Cardiff and Vale health board apology ordered after treatment 'failures'
A health board has apologised and been told pay £5,000 to the widow of a stroke victim who died following "systematic failures" in his treatment.
A watchdog said mistakes were also made diagnosing the man, who has not been named.
A report said Cardiff and Vale health board did not act in accordance with national guidelines for the treatment of strokes.
The board has admitted it did not meet "the high standard of care" expected.
The man's widow said her husband might otherwise have survived.
The stroke victim - referred to as Mr T in the report by the acting Public Services Ombudsman for Wales, Prof Margaret Griffiths - was admitted to hospital in April 2011 but died a month later.
Prof Griffiths said it was not possible to say definitely that Mr T would have lived but his "chances of survival were significantly reduced as a result of serious shortcomings in his care".
She said the health board should review its arrangements for patients who may have had an acute stoke.
Prof Griffiths added: "From the information I have seen, the successful treatment of a stroke is reliant upon two key factors - speed and specialist treatment.
"In order to improve the chances of survival and the reduction of life-changing consequences for the patient, it is critical that prompt investigation, diagnosis and treatment by appropriately trained specialists are delivered. I have found that Mr T's care was wanting in each of these respects.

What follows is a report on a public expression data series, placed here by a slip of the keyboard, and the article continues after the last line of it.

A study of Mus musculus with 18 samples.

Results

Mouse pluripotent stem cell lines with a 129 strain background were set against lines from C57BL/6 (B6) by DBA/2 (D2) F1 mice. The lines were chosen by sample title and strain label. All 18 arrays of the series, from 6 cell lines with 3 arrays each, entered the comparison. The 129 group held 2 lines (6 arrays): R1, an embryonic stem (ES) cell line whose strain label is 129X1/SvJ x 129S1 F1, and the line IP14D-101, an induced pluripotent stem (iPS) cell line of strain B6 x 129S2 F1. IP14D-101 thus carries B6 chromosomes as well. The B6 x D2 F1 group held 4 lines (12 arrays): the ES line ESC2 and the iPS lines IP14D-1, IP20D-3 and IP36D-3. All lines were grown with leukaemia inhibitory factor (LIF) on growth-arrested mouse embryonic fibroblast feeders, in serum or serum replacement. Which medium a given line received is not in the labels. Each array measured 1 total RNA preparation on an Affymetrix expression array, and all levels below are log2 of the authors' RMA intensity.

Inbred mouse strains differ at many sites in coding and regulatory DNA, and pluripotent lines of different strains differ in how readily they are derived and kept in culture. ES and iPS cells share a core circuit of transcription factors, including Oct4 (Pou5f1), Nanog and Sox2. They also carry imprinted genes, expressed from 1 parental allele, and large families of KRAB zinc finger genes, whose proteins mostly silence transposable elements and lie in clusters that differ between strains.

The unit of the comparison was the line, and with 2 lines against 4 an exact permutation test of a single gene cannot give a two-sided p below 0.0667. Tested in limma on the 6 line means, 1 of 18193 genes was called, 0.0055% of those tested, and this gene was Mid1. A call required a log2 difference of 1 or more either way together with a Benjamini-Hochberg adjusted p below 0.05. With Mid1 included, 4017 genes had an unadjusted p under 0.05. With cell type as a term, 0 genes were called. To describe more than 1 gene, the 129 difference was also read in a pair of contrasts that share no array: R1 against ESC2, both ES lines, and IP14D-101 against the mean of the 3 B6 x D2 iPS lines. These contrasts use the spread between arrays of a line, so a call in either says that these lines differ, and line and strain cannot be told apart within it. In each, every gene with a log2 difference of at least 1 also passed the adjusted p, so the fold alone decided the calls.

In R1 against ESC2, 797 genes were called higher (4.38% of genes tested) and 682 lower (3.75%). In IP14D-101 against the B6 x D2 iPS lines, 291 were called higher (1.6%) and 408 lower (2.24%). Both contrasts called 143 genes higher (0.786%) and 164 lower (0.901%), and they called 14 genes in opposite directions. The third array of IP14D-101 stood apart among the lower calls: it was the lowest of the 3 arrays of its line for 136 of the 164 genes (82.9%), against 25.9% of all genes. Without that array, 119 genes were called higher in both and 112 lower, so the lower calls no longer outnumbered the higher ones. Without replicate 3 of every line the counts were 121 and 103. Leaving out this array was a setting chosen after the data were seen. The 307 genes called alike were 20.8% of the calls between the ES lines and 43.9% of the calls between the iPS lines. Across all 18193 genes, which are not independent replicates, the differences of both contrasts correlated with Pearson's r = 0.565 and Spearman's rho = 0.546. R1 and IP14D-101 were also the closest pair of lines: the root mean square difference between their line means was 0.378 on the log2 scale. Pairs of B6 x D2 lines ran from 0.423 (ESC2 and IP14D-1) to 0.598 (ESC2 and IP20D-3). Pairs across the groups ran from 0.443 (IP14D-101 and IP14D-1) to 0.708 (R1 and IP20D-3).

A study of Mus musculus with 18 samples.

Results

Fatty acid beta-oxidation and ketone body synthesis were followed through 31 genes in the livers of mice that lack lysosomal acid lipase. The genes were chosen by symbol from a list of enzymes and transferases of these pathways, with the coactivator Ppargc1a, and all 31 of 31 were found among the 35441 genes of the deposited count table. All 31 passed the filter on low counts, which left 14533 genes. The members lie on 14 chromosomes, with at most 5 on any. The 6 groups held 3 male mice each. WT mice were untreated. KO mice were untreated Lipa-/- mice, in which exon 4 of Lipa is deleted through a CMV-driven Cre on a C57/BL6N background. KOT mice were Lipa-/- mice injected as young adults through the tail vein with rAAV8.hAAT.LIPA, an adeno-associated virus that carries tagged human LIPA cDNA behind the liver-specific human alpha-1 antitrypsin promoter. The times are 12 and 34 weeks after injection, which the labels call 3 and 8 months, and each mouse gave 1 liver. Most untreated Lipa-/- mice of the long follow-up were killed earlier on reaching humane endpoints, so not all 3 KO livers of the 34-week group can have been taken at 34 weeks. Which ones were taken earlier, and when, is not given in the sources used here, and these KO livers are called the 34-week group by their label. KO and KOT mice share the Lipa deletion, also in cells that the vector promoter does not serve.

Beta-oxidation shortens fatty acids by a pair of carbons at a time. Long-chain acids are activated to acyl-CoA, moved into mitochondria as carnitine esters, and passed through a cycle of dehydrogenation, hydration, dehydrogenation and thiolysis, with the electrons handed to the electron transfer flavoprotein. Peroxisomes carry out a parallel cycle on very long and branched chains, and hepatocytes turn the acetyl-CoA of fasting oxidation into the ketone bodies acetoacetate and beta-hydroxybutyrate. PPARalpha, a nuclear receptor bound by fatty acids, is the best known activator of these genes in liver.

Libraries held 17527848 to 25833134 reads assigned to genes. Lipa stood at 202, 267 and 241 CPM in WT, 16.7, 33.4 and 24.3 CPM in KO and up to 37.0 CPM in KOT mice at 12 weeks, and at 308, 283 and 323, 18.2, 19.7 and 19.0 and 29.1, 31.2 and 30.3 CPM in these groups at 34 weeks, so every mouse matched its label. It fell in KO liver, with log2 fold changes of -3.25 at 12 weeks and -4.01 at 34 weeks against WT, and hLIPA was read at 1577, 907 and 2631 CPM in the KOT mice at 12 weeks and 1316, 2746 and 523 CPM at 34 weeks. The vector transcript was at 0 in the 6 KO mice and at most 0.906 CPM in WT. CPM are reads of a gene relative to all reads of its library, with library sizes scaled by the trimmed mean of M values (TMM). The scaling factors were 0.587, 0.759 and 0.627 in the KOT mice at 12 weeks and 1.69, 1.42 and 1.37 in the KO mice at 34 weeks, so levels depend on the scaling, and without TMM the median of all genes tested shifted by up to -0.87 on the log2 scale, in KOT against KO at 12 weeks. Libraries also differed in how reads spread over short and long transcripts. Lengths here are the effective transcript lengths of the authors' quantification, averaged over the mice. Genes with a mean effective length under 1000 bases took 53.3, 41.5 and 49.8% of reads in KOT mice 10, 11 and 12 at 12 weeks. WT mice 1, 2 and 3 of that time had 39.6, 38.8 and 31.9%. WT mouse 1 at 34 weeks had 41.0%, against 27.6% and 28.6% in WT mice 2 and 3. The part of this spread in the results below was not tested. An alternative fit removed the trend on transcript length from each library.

"Whilst there are examples of good care to be found - for example, in respect of the initial treatment of Mr T's presenting symptoms and his care on the stroke rehabilitation unit - there is overwhelming evidence of an abject failure to treat the serious development represented by Mr T's stroke with the requisite urgency and specialist skill."
She said patients who may have had an acute stroke should have a scan within an hour and be admitted immediately to a specialist unit.
Prof Griffiths said the health board should also examine its complaints investigation process.
She ordered the £5,000 payment to Mrs T for the "time and trouble to which she has been put in pursuing this complaint and in recognition of the additional distress caused" to her and her family.
Prof Griffiths said it was clear that the widow and her family had been deeply affected.
Dr Richard Evans, clinical board director for medicine at Cardiff and Vale health board, said: "We would like to offer again our sincere condolences to the family of the deceased and our unreserved apologies for not having met the high standard of care we aim to provide to all patients.
"The health board has worked with the ombudsman and has accepted the recommendations, a number of which have already been acted upon.
"Work is under way on those that remain and we are also publishing our action plan online to clearly set out what we are doing to improve care in relation to his recommendations."